A few days ago, I mentioned this book that I’m pondering, “The Hole in Our Gospel.” I mentioned that I would buy a copy for anyone who will make a commitment to do something with what they read. One person has taken me up on the deal. Let me know if you want a book. Just wanted to share an excerpt of the book from Chapter Nine:
Whenever a major jetliner crashes anywhere in the world, it inevitably sets off a worldwide media frenzy covering every aspect of the tragedy. I want you to imagine for a moment that you woke up this morning to the following headline: “One Hundred Jetliners Crash, Killing 26,500.” Think of the pandemonium this would create across the world as heads of states, parliments, and congresses convened to grapple with the nature of this tragedy. Think about the avalanche of media coverage that it would ignite around the globe as reporters shared the shocking news and tried to communicate its implications for the world. Air travel would no doubt grind to a halt as governments shut down the airlines and panicked air travelers canceled their trips. The National Transportant Safety board and perhaps the FBI, CIA and local law enforcement agencies and their international equivalents would mobilize investigations and dedicate whatever manpower was required to understand what happened and to prevent it from happening again.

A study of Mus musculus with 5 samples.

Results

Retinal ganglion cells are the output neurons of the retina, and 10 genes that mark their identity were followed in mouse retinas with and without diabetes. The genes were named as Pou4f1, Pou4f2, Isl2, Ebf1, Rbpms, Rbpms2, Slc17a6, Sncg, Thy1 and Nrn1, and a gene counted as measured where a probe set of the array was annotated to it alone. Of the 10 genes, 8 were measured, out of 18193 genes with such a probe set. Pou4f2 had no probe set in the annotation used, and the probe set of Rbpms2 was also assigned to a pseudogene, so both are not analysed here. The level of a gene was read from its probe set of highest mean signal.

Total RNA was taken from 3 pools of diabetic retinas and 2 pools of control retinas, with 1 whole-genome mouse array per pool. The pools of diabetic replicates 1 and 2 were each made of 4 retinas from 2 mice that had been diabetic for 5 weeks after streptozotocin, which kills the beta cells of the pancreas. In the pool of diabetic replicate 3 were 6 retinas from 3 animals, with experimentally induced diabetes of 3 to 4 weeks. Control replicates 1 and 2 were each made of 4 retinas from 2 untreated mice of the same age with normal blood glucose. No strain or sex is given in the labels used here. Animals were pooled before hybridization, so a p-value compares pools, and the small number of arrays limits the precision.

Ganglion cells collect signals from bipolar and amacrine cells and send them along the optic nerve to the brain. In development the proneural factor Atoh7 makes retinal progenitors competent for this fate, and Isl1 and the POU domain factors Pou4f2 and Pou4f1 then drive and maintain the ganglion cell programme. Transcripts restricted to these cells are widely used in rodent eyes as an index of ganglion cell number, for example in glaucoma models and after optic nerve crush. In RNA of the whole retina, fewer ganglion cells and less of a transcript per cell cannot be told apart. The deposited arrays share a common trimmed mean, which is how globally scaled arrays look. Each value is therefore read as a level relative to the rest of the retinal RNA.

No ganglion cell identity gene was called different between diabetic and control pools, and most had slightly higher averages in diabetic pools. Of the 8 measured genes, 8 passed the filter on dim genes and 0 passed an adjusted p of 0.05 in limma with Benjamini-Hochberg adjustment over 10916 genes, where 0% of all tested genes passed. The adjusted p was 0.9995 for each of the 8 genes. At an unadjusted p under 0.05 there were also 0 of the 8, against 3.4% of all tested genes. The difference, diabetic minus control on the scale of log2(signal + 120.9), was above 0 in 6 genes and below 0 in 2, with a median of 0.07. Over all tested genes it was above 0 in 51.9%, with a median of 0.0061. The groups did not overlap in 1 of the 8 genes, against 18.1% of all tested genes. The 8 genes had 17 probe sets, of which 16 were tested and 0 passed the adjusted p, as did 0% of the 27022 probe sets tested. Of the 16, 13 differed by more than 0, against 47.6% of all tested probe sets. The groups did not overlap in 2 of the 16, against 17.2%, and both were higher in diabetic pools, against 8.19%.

Now imagine that the very next day, one hundred more planes crashed — and one hundred more the next, and the next, and the next. It is unimagineable that something this terrible could ever happen. But it did and it does. It happened today, and it happened yesterday. It will happen again tomorrow. But there was no media coverage. No heads of state, parliments, or congresses stoped what they were doing to address the crisis, and no investigations were launched. Yet more than 26,500 children died yesterday of preventable causes related to their poverty, and it will happen again today and tomorrow and the day after that. Almost 10 million children will be dead in the course of a year.
So the question is why? The answers are at some points simple and at some points complex. Stearns suggests that one reason might be the fact that the children who are dying… are not our kids. But when we have a chance to meet these kids — it doesn’t seem like they aren’t ours, does it? At Calvary we are studying our way through the book of James. In James 1:27, the brother of Jesus wrote these words, “Religion that God our Father accepts as pure and faultless is this: to look after orphans and widows in their distress and to keep oneself from being polluted by the world.”
I think of we (Jesus-followers) took this to heart — much would change in our lives and in our world. I think the two challenges are related. If we would look after the orphans we wouldn’t get so polluted by the world. If we weren’t so polluted by the world we would care for the orphans. I think if we were known as those whose lives were marked by compassion and character, more than 3% of the next generation would find the church attractive.
How about you? What do you think real religion is?